Anyone who’s casually followed sports in the past week has seen Andy Reid’s fogged-up face shield, which he debuted during the NFL’s opening game on Thursday Night Football against the Texans. Before the game even started, Reid’s face shield, which he wore instead of a face mask to comply with COVID protocol, became so comically fogged up that everyone from Kim Kardashian to Kim Jong Un took shots at the Chiefs’ meaty monarch on Twitter.
In response to the fog fiasco, Chiefs equipment manager Heath Cliffbar engineered a new drone-based solution to help keep Reid in the game. Reid will wear the same shield as last week, but with drone assistance to keep things clean and clear. The drone option was considered the team’s last resort after several simpler options proved ineffective during the week-long testing process.
The team’s first idea was to use a defogging product popular among hockey players, but the extreme heat of Reid’s garlicky breath melted the defogging spray, creating ‘more fog than a phone booth hooker’ according to the Chiefs puffy patriarch.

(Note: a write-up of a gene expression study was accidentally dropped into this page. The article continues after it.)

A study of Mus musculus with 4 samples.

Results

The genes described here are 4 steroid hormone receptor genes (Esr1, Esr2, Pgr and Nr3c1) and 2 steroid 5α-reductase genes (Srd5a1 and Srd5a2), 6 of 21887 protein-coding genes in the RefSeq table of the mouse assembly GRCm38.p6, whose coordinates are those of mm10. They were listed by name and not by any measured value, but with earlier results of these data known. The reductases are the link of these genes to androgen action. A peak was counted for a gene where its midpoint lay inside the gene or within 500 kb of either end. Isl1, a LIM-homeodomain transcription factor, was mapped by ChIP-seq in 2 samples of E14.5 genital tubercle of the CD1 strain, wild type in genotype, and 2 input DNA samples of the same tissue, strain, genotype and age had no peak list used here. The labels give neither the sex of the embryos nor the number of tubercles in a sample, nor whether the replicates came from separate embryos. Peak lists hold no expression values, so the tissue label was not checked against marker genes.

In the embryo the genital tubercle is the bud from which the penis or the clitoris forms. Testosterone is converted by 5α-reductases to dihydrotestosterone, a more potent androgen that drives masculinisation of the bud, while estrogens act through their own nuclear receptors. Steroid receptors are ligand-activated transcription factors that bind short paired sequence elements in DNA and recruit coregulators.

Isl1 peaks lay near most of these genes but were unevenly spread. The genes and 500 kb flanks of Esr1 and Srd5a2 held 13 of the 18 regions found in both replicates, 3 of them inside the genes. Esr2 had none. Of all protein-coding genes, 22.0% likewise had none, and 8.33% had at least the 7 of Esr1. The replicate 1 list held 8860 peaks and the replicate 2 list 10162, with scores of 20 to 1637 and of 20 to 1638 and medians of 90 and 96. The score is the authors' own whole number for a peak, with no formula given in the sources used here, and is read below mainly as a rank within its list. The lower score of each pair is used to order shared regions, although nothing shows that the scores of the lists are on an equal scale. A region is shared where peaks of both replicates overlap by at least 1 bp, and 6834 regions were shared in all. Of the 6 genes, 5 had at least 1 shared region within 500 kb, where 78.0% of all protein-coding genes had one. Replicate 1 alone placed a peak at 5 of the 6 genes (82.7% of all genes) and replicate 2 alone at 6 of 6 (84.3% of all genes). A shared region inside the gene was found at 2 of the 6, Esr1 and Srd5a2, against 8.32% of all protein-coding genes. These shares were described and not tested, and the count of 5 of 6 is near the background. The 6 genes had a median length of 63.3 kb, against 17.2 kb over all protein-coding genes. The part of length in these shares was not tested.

The initial drone prototype was a normal drone equipped with a window-washer extension to regularly fly down and wipe Reid’s visor when needed, but the restrictive nature of the shield still prevented in-game snacking. When a feeding apparatus was added to deploy pork into Reid’s mouth during the wiping process, the crumb-covered coach ended up devouring three whole drones by Thursday.
The last drone modification saw the feeding apparatus replaced by a tube that pumps liquefied ribs into Reid’s mouth while the wiper extension clears his view of the playing field.
Cliffbar explained that Coach Reid’s instincts kicked in when he felt the straw touch his lips and he knew not to eat it. “Muscle memory is a powerful thing,” Cliffbar said, “so if you’ve mastered the milkshake, your history of cooperation with a straw can overpower the carnal urge to just eat it.”
Although the team successfully tested the new method in practice on Friday and Saturday, Reid can’t wait to use it during a game. “There’s only one thing more unpredictable than COVID-19,” Reid bellowed, “and that’s me when I’m hungry.”
The Chiefs will take on the Chargers in Los Angeles Sunday afternoon, where the Kansas City training staff has blended up 16 lbs of bone-in ribs to hold their bulbous boss over between lunch and dinner.
“Coach Reid’s history of poor clock management in clutch moments can probably be attributed to his hunger near the end of games,” Cliffbar explained. “Due to his health, nutritional habits, and general lifestyle, an hour without meat for Andy Reid is like an hour without being the center of attention for J.J. Watt.”